Dan Hicks says when Moncton started calculating how many Canada goose droppings per square foot it was seeing around two west end waterways this summer, the city knew it had to do more.
The city's director of parks operations said the goose population has steadily increased in recent years. This past summer, he said the city fielded many more complaints about the birds and what they leave behind on the ground.
The city is considering including thousands of dollars in spending in its 2021 budget to dissuade the geese from staying around Jones Lake and Centennial Park where walking trails have been peppered with goose droppings.
"We hope to see less people tap dancing to try to get through [the trails] unscathed," Hicks said in an interview Tuesday.
Among the options Hicks outlined at a city council committee meeting Monday are testing small floating solar powered lights that will flash every few seconds.
The strobe lights would bob in Jones Lake and in Centennial Park at the eye level of the geese.
The company that sells them suggests the lights at the eye level of geese will keep them up at night and make them want to go elsewhere.
"It's a strobe light that gives geese insomnia," Hicks told councillors Monday.
The city hopes to test several of the lights next summer. Hicks said the manufacturer says the orange LED lights would be "barely noticeable" to humans.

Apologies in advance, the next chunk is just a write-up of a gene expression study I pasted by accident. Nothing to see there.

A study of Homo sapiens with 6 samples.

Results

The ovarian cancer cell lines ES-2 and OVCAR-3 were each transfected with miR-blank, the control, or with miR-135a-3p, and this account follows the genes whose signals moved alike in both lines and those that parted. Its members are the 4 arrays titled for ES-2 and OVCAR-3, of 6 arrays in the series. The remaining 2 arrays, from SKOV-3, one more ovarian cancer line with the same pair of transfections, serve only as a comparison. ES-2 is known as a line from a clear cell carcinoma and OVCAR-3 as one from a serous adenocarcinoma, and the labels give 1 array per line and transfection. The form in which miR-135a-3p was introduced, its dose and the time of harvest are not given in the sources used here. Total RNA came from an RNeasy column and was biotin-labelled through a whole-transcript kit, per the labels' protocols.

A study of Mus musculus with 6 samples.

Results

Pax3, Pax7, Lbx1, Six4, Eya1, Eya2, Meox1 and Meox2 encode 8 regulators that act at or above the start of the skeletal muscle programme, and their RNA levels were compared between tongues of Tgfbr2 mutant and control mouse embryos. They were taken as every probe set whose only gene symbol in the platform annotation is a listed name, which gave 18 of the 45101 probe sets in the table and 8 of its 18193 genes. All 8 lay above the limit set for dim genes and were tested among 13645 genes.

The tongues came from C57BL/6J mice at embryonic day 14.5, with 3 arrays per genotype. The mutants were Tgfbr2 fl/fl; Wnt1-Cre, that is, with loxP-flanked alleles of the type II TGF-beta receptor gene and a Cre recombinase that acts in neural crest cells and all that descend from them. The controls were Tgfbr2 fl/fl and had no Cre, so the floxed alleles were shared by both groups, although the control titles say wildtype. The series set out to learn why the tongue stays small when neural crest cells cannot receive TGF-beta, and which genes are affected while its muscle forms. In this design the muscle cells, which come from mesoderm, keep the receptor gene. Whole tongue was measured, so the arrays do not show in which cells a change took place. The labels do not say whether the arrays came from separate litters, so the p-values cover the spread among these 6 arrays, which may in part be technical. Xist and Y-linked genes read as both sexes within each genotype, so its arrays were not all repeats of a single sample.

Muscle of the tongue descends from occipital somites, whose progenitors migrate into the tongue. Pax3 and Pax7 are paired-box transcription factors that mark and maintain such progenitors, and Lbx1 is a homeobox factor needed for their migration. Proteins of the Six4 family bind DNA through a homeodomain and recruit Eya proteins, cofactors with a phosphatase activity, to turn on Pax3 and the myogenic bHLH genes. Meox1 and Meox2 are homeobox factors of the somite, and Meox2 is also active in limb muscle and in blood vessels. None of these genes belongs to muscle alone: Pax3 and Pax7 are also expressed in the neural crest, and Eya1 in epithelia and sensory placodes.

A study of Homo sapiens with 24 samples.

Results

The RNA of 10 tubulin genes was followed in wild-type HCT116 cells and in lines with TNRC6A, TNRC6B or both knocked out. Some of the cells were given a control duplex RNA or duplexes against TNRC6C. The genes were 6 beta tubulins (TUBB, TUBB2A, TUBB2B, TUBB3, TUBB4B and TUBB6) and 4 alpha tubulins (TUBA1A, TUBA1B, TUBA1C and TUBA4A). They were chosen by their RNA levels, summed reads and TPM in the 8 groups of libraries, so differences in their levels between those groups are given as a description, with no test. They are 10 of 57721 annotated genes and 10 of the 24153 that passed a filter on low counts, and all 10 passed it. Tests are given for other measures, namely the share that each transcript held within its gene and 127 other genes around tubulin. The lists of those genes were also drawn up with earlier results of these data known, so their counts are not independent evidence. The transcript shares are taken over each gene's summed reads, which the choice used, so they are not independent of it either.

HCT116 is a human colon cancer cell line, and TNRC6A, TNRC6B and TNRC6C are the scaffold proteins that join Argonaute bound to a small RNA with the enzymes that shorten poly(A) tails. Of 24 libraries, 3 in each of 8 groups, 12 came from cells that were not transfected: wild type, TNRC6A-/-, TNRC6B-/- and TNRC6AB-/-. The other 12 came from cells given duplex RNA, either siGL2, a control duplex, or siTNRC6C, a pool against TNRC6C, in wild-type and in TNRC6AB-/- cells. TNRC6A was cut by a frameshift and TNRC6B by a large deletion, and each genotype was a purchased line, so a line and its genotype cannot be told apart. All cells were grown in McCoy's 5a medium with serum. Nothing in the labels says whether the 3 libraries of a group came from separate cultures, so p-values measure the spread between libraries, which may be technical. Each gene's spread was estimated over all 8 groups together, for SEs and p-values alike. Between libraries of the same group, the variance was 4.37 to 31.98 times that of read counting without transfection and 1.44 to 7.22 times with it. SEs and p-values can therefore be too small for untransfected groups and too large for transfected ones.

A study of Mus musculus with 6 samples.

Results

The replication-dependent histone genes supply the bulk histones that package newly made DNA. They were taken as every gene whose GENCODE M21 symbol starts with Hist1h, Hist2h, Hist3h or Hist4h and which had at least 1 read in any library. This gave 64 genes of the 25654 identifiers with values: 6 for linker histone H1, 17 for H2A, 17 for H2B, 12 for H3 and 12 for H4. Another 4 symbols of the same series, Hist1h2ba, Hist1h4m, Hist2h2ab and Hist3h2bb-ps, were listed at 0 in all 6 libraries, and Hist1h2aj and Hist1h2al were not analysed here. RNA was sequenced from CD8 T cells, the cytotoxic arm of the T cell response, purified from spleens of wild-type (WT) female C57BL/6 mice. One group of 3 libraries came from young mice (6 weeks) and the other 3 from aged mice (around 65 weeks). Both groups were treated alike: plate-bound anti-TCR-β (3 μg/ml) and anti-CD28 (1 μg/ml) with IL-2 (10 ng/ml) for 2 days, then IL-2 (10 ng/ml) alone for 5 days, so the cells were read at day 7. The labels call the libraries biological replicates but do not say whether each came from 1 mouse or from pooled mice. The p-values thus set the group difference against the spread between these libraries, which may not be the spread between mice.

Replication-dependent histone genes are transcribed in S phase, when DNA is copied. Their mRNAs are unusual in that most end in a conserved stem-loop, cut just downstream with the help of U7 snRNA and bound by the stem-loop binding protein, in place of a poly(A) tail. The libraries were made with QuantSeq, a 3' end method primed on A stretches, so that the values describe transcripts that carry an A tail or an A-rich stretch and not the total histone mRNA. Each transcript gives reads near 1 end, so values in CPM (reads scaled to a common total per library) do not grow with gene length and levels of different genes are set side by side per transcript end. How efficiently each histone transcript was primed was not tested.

Fully deploying the lights to cover both waterways is projected to cost about $14,000.
Other options considered include "hazing" the geese with methods like trained dogs and leaving more grass and growth untrimmed along the water's edge so geese don't have easy access to the water.
Another option is using plastic snow fencing around the waterways to block goslings from moving between land and water, deterring nesting around those areas.
The province has installed the fencing around a large traffic circle between Moncton and Dieppe.
Hicks said adding that fencing around Jones Lake could cost about $10,000.
Coun. Charles Leger, whose ward includes the west end, applauded city staff for cleaning up the mess left by geese on a trail in Centennial Park.
"The trail was great, but I think the geese loved it more than the general population did and after a while it was very difficult to walk anywhere," Leger said Monday.
Hicks said the city doesn't expect to eliminate the geese, but a reduction in the "side effects" they leave behind in key areas.
Frank McKenna's Liberal government brought 3,500 Canada geese from Ontario, which didn't want them, to New Brunswick in the 1990s to benefit hunters. Complaints about the birds followed.
Questions about ways to deal with the geese aren't new for the city, though Hicks said the complaints last year led to discussion of ways to address the geese.
In 2013, the city tried out a "Goosinator." The remote-controlled device costing about $3,500 was used to chase the geese in an attempt to get them to fly away
It didn't work.
"The unfortunate part is they don't fly far. To be successful, you need to do that for a very long period of time," Hicks said.
In 2017, the Atlantic Wildlife Institute removed 79 eggs from the area around the traffic circle after a series of crashes on the road near the Champlain Place mall.
While killing geese was one of the options of Hicks' list presented to council, he said it's not one the city is seriously considering at this point.